Author: Arpeggio of Redwings—Chesapeake Seasons: A Guide to Joy
In Chesapeake Country, Audrey Scharmen found her comfort. She had lived in arid places.
Her childhood home was Dustbowl Kansas, during the Great Depression. Her marriage to military pilot Merrill left her, often alone with her growing family, in deserts. As Merrill aged out of flying and moved up the hierarchy, Audrey played a more public role of military wife.
Then they retired to Chesapeake country. Here she would say—did say—she found her muse.
She was missing. Gone. Presumed dead. Yet she has been here all along—or so she says. It was I who was faithless. I who fell prey to apathy.
I who failed to feel her gentle nudging of the psyche. For she is always everywhere. She is a composite of all the daughters of Zeus, the very visage of nature. She is the face of the new-blown poppy in my garden ... In her years in Chesapeake Country, Audrey planted a garden in nourishing soil and found her hand asa painter and voice as a writer.There,she wrote, sge reaffirmed her earliest vows in the first of many odes to the gentle side of nature. She saw, she listened, and she has never ceased.
Audrey filed notebooks. She reached audiences through the thankless work of freelance writing. Then she bumped into New Bay Times, a new weekly newpaper devoted to reporting the issues, introducing the people and telling the stories of Chesapeake Country. In New Bay Times, her stories found a home. She contributed essays for over 13 years, from 1993 to 2006, winning prizes and readers’ hearts.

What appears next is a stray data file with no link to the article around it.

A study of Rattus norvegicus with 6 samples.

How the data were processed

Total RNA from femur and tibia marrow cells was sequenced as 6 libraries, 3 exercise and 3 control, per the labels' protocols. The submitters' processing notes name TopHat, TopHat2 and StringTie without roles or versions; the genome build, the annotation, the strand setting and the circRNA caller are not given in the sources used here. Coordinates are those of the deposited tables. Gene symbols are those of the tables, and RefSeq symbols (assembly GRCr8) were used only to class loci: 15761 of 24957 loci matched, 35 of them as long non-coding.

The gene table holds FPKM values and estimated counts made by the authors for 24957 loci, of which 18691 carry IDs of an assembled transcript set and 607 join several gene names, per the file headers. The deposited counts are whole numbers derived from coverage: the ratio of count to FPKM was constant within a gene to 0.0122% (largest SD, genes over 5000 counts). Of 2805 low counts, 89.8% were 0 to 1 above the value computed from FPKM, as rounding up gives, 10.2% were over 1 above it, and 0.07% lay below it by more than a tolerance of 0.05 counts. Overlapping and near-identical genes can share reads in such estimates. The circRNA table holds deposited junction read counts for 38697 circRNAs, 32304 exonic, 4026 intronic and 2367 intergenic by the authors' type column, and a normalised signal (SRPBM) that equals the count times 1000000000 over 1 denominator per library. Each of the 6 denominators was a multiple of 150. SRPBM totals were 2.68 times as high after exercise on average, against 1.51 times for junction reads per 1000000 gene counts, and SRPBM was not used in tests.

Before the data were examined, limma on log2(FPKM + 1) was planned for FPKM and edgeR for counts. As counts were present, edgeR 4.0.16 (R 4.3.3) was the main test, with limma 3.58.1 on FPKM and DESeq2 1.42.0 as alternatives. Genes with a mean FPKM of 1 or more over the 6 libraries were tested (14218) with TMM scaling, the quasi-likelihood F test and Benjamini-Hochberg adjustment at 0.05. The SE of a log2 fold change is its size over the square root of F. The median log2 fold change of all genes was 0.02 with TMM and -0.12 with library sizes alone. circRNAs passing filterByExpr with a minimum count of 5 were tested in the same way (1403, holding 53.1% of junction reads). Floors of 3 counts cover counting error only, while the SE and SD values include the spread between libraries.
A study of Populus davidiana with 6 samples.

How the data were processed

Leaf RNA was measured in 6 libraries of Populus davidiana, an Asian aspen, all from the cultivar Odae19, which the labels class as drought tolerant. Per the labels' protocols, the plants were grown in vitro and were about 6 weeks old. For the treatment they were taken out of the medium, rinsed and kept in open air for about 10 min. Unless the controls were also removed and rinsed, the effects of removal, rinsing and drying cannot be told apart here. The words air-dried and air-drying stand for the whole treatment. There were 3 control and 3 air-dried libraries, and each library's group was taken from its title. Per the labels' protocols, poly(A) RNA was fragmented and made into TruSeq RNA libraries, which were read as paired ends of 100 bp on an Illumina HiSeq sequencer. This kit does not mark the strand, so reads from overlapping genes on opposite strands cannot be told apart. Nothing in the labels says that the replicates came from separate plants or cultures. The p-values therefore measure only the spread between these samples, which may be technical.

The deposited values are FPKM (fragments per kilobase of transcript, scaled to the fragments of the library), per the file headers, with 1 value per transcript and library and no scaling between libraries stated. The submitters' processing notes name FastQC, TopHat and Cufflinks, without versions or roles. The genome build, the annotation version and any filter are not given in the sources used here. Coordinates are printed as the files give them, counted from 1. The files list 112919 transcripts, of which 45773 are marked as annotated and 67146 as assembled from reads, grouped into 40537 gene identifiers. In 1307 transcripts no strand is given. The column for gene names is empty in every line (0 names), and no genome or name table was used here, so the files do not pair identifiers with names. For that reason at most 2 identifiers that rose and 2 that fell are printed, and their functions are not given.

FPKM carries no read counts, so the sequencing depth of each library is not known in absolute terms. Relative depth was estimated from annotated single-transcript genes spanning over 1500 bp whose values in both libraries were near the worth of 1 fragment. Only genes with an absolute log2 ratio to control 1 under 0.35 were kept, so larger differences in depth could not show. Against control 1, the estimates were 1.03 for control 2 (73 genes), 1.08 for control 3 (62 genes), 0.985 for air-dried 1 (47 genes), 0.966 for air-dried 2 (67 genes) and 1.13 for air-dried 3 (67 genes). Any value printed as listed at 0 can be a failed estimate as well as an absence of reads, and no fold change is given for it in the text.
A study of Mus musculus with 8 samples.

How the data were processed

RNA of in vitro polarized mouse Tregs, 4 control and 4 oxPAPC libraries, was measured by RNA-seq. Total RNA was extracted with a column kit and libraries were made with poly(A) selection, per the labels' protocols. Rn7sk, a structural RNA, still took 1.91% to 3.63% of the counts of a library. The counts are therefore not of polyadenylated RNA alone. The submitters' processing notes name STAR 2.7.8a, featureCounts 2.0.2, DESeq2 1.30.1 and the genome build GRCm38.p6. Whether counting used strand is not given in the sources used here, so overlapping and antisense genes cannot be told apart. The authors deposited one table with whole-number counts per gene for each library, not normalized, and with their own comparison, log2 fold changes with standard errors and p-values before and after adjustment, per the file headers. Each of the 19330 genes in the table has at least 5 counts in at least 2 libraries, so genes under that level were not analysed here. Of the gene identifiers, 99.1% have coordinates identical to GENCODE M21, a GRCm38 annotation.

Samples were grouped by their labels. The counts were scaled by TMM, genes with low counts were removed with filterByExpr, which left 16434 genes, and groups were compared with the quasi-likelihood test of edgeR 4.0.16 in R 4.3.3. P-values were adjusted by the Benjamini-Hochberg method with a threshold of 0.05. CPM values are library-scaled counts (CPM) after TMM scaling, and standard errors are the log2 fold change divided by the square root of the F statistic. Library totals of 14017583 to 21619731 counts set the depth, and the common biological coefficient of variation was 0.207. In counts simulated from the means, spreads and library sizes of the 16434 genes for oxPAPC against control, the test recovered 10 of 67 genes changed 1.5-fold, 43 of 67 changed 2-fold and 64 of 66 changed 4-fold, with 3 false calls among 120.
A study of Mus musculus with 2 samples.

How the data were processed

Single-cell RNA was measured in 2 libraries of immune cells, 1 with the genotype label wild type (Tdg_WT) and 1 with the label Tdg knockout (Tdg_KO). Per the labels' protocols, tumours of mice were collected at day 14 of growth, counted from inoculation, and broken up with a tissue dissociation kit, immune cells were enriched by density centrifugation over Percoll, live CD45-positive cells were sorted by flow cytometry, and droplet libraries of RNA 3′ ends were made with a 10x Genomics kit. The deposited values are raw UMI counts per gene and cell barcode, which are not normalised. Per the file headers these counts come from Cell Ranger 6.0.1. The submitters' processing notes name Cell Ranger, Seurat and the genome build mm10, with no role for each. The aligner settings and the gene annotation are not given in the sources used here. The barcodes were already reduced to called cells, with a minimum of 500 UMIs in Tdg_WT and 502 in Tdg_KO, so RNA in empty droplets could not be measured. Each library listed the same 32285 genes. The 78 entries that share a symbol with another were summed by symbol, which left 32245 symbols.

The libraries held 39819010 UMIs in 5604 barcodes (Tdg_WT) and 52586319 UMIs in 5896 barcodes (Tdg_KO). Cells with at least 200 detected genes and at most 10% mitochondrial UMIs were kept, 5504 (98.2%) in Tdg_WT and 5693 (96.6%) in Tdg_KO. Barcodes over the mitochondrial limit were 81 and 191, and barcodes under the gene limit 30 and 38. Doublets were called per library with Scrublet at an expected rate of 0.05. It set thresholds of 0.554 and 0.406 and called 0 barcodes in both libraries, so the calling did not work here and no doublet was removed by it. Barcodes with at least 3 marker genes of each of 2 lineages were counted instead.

Her New Bay Times essays, collected here, document her encounters with nature as a prism, throwing light in its many colors onto her times and experiences. Audrey wrote —with wry wonder —of her awakening to nature’s daily miracles. The miracle of words in sync with experience and emotion reawakens wonder in her readers. WithAudrey’s wordsin our minds, weask, World, what have I been missing?
The ailment—missing life’spoint—is as perennial as the cure: Audrey’s well-tempered meditations. Arpeggio of Redwings—Chesapeake Seasons: A Guide to Joycollects the 60 essays with evocative photos, many original.
My prayer for a new millennium
There is a young soul in this worn old receptacle.
Whoever is in charge of such things: Give it to a golden child with a lean tall barefoot mother in a flowered dimity dress. A woman with Nordic eyes and sun-bleached hair and a lilting laugh.
Leave them a dusty country road where blue morning glories and sunflowers embrace. A road that leads through riverside fields where plump sweet potatoes lie deep in rich black soil, waiting to be dug.
Leave a cottonwood to be scaled and a rippling waist-high sea of grass, brimming with meadowlarks, to explore beneath the wide clean sky where crows converse.
Leave a vintage green mason jar to fill with autumn-drowsy crickets and the last of summer’s grasshoppers for fishermen on the riverbank who will pay a penny for each.
Leave arpeggios of redwings amid fuzzy cattails in the backwater where mother and child primly tuck up their skirts and wade happily hand in hand.
Leave some ripe black walnuts to be carried home with late roses and sweet potatoes bundled in folds of dimity. Leave then such simple precious things, that they may begin again.